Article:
But it set the template. Other cars might have made the market for what would eventually be known as the compact executive saloon. One was Alfa Romeo’s 1962 Giulia saloon, another the 1971 Triumph Dolomite, but their makers failed to fully capitalise, leaving BMW to develop the compact, sporty two-door saloon that was the E21 3 Series of 1975.
It offered much the same formula as before, but with the deeply appealing option of a smooth spinning six-cylinder engine packaged into a modern, beautifully crafted and sporting package. This despite the E21 spinning almost as easily in rain as its straight six did on fuel. Semi-trailing arm rear suspension, and its grip-altering camber changes, was the cause.
But perhaps the real significance of the E21, and common to every 3 Series since (almost), is that it combined grown-up, tasteful sportiness with an aura of precision quality. In its day, the robustness of the bodyshell, the panel gaps (including those of the complicated cantilevering bonnet), the calibre of the soft-feel dashboard, the solid click of its switches and the durability of the upholstery set new standards. Mercedes were also well-made, but less stylish, more stolid.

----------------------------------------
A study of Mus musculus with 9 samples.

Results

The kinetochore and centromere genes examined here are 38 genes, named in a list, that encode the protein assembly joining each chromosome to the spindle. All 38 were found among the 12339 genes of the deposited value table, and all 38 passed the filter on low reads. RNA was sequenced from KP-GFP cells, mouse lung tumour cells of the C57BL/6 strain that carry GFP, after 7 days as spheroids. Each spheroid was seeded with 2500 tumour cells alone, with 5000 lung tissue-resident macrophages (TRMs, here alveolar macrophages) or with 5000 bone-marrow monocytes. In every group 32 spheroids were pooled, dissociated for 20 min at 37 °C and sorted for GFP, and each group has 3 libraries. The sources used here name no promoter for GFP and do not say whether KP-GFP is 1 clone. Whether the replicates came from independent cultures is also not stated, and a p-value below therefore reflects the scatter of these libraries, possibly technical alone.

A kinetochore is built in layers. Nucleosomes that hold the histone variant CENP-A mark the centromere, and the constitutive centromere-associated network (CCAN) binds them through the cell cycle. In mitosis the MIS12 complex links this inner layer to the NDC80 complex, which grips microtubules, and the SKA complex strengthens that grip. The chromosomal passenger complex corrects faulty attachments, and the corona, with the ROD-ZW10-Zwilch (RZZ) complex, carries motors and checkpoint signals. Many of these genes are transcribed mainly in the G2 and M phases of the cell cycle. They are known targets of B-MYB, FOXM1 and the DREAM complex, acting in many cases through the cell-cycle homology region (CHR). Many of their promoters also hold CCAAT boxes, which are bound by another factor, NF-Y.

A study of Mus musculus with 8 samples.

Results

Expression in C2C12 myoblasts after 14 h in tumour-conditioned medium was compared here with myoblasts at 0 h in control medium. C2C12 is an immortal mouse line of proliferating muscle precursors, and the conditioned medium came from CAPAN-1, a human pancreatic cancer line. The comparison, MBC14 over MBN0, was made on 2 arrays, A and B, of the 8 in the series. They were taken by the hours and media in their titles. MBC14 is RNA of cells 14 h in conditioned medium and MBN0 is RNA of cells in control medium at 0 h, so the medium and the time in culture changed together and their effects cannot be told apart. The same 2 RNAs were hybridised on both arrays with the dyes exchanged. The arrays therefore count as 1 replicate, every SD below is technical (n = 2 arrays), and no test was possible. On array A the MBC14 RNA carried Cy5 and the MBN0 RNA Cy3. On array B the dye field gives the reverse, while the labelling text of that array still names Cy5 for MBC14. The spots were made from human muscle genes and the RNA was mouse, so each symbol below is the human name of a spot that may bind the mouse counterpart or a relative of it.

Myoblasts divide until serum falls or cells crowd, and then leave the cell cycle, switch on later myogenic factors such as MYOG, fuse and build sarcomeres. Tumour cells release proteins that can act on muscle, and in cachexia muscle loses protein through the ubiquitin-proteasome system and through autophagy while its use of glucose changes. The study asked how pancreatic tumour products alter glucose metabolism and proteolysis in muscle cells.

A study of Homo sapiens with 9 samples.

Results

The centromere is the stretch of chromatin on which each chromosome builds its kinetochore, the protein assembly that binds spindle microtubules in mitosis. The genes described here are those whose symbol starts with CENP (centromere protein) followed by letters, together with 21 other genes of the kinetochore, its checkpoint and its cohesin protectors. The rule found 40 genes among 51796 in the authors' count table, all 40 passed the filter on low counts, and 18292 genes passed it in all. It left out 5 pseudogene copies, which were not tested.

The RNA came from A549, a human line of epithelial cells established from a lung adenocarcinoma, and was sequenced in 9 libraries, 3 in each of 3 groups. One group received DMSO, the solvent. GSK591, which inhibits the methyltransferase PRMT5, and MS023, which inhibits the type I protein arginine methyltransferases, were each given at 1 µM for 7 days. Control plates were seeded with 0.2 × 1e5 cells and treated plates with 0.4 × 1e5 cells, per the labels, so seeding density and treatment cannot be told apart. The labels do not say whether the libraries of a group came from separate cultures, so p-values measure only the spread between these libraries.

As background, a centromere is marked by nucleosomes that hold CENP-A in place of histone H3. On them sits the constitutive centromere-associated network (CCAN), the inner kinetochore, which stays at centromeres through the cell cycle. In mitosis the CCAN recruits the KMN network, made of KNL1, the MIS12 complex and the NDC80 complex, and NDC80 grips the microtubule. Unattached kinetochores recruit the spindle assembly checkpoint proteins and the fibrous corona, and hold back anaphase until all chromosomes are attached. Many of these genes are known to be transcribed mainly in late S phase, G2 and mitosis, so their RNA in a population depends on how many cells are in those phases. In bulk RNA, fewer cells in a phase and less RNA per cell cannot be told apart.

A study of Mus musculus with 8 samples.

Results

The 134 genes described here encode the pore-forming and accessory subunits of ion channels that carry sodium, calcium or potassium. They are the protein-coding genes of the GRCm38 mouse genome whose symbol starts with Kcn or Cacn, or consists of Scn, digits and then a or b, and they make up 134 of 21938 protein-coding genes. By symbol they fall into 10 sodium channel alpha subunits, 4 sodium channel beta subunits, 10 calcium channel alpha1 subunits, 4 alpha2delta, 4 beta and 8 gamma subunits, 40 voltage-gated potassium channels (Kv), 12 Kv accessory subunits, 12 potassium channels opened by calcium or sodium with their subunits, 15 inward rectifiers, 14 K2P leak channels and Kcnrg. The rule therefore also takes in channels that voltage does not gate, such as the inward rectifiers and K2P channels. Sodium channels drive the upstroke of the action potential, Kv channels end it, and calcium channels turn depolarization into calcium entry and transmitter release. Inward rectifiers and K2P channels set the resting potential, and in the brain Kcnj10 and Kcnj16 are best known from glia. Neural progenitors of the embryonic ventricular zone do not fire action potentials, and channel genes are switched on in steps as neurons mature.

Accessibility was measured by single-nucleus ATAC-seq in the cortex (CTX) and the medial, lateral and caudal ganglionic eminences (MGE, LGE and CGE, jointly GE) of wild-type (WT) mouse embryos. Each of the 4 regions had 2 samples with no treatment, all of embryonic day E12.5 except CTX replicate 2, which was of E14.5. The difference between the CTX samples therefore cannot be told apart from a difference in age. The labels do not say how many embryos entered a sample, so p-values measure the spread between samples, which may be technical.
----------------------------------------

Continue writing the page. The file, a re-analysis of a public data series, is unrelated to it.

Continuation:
The 1982 E30 extended the theme, with a four-door, a convertible and (after an employee privately built a one-off, instantly commandeered as a prototype) a Touring estate. That BMW was onto something was confirmed by Mercedes-Benz, which spent years developing a rival, if of less sporting demeanour, with the 1982 W201 190E. The trend gathered pace. BMW even fixed the 3 Series’ slippery back axle with 1990’s Mk3, whose improved weight distribution and more aerodynamic form were a real step forward, even if the finish of early examples fell backwards.
After this, there’s almost no need to say more. Each of the subsequent four generations of 3 Series has improved incrementally across most fronts, sometimes substantially so, while the M3 has quickened, if not always as entertainingly as the original. There are now many imitators, though only the C-Class and Audi A4 are successful. The struggling copyists include Lexus, Jaguar, Infiniti, Volvo, Mazda (Xedos, anyone?) and Cadillac. Alfa’s new Giulia is close, but commercially it’s as far off as Pluto.